Authorities in Georgia ruled Sunday that the fatal police shooting of Rayshard Brooks outside an Atlanta Wendy's was a homicide.
Brooks, 27, died after he was shot twice in the back on Friday, the Fulton County Medical Examiner's Office said in a statement. Brooks was shot after a confrontation with two Atlanta police officers in the parking lot.
Police had been summoned there on a report of a man sleeping in his car in the drive-through.
Brooks struggled with the officers after they administered a field sobriety test and tried to take him into custody. Surveillance video appears to show Brooks running away from the officers with a stun gun that he'd taken from one of them, said Vic Reynolds, director of the Georgia Bureau of Investigation.
While running, Brooks appeared to turn around and point the weapon at police, Reynolds said
"At that point, the Atlanta officer reaches down and retrieves his weapon from his holster, discharges it, strikes Mr. Brooks there on the parking lot, and he goes down."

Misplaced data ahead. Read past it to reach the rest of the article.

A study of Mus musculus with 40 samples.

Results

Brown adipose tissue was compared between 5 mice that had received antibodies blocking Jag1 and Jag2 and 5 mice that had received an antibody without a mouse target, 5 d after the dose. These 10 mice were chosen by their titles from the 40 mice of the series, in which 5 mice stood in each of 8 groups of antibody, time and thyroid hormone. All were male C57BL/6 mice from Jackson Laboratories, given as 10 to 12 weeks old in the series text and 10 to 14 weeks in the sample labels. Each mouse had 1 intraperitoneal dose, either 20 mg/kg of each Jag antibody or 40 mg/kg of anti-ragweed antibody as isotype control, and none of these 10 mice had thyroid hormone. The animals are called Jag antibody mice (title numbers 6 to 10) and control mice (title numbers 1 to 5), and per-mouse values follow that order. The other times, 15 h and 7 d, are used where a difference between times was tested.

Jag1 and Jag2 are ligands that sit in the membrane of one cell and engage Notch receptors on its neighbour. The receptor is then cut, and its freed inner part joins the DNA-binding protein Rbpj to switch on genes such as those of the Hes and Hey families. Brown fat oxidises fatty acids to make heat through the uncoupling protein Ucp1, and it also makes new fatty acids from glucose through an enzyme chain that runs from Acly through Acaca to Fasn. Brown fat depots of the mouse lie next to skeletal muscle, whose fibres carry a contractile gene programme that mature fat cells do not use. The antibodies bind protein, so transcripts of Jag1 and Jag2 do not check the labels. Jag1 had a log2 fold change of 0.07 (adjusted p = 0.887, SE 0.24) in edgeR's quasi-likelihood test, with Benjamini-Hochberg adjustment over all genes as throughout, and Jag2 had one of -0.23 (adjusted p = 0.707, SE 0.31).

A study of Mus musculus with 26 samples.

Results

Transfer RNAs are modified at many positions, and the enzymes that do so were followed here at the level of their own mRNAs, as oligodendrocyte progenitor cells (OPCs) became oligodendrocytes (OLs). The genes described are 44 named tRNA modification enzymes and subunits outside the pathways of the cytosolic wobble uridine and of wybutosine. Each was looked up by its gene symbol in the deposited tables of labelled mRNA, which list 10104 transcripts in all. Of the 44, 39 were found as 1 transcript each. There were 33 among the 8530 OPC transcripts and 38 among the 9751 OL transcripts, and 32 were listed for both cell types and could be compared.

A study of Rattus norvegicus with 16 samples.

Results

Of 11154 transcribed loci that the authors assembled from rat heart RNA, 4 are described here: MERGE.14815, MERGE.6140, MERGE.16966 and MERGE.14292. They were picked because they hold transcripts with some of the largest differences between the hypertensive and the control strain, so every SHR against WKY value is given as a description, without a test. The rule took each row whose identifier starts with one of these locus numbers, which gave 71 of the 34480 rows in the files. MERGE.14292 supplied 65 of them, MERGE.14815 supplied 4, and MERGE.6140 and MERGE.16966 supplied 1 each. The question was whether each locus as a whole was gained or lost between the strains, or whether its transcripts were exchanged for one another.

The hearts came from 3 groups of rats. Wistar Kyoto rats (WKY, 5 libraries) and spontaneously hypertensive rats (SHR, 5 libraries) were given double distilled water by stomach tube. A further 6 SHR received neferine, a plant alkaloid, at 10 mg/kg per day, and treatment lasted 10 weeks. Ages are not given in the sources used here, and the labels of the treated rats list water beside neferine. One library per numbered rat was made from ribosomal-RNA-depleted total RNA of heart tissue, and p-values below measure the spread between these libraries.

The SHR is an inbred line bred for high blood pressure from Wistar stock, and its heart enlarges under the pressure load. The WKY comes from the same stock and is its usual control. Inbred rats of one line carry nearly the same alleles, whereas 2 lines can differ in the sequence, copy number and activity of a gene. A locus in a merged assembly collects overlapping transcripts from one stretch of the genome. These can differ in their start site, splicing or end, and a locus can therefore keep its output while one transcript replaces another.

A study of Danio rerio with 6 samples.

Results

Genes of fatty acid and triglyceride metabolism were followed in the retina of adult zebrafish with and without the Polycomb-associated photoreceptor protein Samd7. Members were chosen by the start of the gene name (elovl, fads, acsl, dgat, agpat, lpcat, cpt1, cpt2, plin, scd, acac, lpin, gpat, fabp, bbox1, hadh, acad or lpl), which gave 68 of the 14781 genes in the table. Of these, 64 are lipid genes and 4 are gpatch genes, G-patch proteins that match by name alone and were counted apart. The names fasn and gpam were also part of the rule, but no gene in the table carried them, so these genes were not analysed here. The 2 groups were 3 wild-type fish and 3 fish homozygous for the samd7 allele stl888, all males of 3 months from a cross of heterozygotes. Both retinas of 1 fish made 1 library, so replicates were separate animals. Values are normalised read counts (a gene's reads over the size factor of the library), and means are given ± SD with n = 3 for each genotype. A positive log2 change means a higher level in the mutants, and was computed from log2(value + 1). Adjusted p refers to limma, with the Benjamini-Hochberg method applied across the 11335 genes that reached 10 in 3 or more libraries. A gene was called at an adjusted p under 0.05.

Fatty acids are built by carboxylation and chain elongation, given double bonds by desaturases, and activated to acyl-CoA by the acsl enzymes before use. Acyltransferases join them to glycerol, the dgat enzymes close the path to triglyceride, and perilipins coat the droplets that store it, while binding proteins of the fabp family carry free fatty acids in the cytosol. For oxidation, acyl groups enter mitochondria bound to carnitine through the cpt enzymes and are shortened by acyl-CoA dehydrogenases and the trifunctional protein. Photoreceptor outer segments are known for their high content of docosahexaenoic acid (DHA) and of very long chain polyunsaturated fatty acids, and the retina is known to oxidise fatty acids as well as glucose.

L. Chris Stewart, an attorney for Brooks' family, said Brooks shouldn't have faced deadly force because he appeared to have a stun gun.
"Of extreme concern in the murder of Rayshard Brooks is the fact that he was shot in the back multiple times while fleeing," Stewart and law partner Justin Miller said in a statement Saturday.
Atlanta Police Chief Erika Shields resigned over the shooting, saying in a statement that "it is time for the city to move forward and build trust between law enforcement and the communities they serve." Garrett Rolfe, the officer who shot Brooks, was fired. A second officer, Devin Brosnan, was placed on administrative duty.
Neither officer has been charged with a crime. The Georgia Bureau of Investigation is reviewing the incident.
Full coverage of George Floyd's death and protests around the country
The shooting prompted protests Saturday night near the Wendy's, which was set on fire.
Brooks' death comes amid widespread protests over the May 25 killing of George Floyd in Minneapolis. Floyd died after a police officer knelt on his neck for nearly nine minutes.